I think this question can be answered by linking the response in to a much larger theme which is that of the innate savagery inside all humans. Let us remember that one of the characteristics of this excellent novel is the complete absence of adults until the very end. The children are left alone by themselves, stranded on an island, and thus Golding presents us with a group of humans free from the restrictions of values and civilisation. The way in which the boys gradually (some quicker than others) lose any pretense of being civilised and fall into anarchy presents a very powerful message of the way that the savage instinct is something that is very fundamental and essential to our human psyches. The message of the novel seems to be that in the conflict of civilisation vs. savagery, savagery is by far the strongest force when humans are removed from society as humans show themselves to be innately evil and corrupt. This is clearly something that Ralph realises at the very end of the novel, from perhaps its most important quote:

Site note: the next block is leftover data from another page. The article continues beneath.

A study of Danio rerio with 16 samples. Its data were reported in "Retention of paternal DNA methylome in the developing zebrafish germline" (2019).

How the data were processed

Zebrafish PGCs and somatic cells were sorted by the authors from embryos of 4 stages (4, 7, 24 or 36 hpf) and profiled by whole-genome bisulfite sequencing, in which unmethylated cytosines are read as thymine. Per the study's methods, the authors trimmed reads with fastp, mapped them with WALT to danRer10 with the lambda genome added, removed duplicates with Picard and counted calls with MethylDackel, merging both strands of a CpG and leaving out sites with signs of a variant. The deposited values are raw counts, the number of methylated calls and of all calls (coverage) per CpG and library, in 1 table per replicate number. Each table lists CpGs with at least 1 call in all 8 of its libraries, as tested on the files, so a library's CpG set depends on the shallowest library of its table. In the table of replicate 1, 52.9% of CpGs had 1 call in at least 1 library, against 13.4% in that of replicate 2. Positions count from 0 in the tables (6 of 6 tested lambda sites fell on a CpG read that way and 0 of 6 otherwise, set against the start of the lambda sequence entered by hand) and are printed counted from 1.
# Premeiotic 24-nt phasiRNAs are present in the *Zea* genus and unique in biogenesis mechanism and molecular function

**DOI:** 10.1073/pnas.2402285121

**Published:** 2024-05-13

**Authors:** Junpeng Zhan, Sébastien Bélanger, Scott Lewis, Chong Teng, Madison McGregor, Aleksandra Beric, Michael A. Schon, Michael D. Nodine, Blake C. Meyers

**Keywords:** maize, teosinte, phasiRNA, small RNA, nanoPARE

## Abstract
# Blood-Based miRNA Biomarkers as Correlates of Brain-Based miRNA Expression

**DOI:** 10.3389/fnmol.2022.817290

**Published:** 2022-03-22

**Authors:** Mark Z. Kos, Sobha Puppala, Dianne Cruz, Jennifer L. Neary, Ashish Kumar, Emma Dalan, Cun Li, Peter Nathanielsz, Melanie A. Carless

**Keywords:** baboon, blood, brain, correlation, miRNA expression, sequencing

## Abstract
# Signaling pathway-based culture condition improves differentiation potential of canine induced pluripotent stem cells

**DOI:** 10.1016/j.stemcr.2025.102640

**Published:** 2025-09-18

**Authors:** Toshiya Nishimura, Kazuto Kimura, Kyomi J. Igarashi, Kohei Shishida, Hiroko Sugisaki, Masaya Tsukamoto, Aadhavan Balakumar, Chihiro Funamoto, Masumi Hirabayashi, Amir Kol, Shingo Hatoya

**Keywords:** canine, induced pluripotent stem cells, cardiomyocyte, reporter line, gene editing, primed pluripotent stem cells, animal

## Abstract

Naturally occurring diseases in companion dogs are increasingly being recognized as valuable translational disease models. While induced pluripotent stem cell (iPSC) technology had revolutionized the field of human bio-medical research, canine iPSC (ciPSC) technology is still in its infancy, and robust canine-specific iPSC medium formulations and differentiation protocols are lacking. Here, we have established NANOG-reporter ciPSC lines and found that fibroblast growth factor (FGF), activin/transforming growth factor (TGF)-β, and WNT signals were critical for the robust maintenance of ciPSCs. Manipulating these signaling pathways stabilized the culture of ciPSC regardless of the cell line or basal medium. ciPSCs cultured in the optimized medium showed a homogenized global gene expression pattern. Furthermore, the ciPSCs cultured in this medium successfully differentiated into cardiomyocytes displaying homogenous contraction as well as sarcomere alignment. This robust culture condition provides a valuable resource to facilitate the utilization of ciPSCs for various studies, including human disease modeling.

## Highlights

Ralph wept for the end of innocence, the darkness of man’s heart, and the fall through the air of a true, wise friend called Piggy.
Ralph himself has experienced the truth of the innate evil of humanity first hand, observing the way that boys have savagely turned upon each other and killed.
Thinking about parenting then, it is clear that civilisation plays an incredibly important role in trying to keep us from following our savage innate instincts. Parenting is one aspect of this role of civilisation, as parents bring up their children to follow the norms and values of society rather than respond to their inner, more selfish and more violent desires.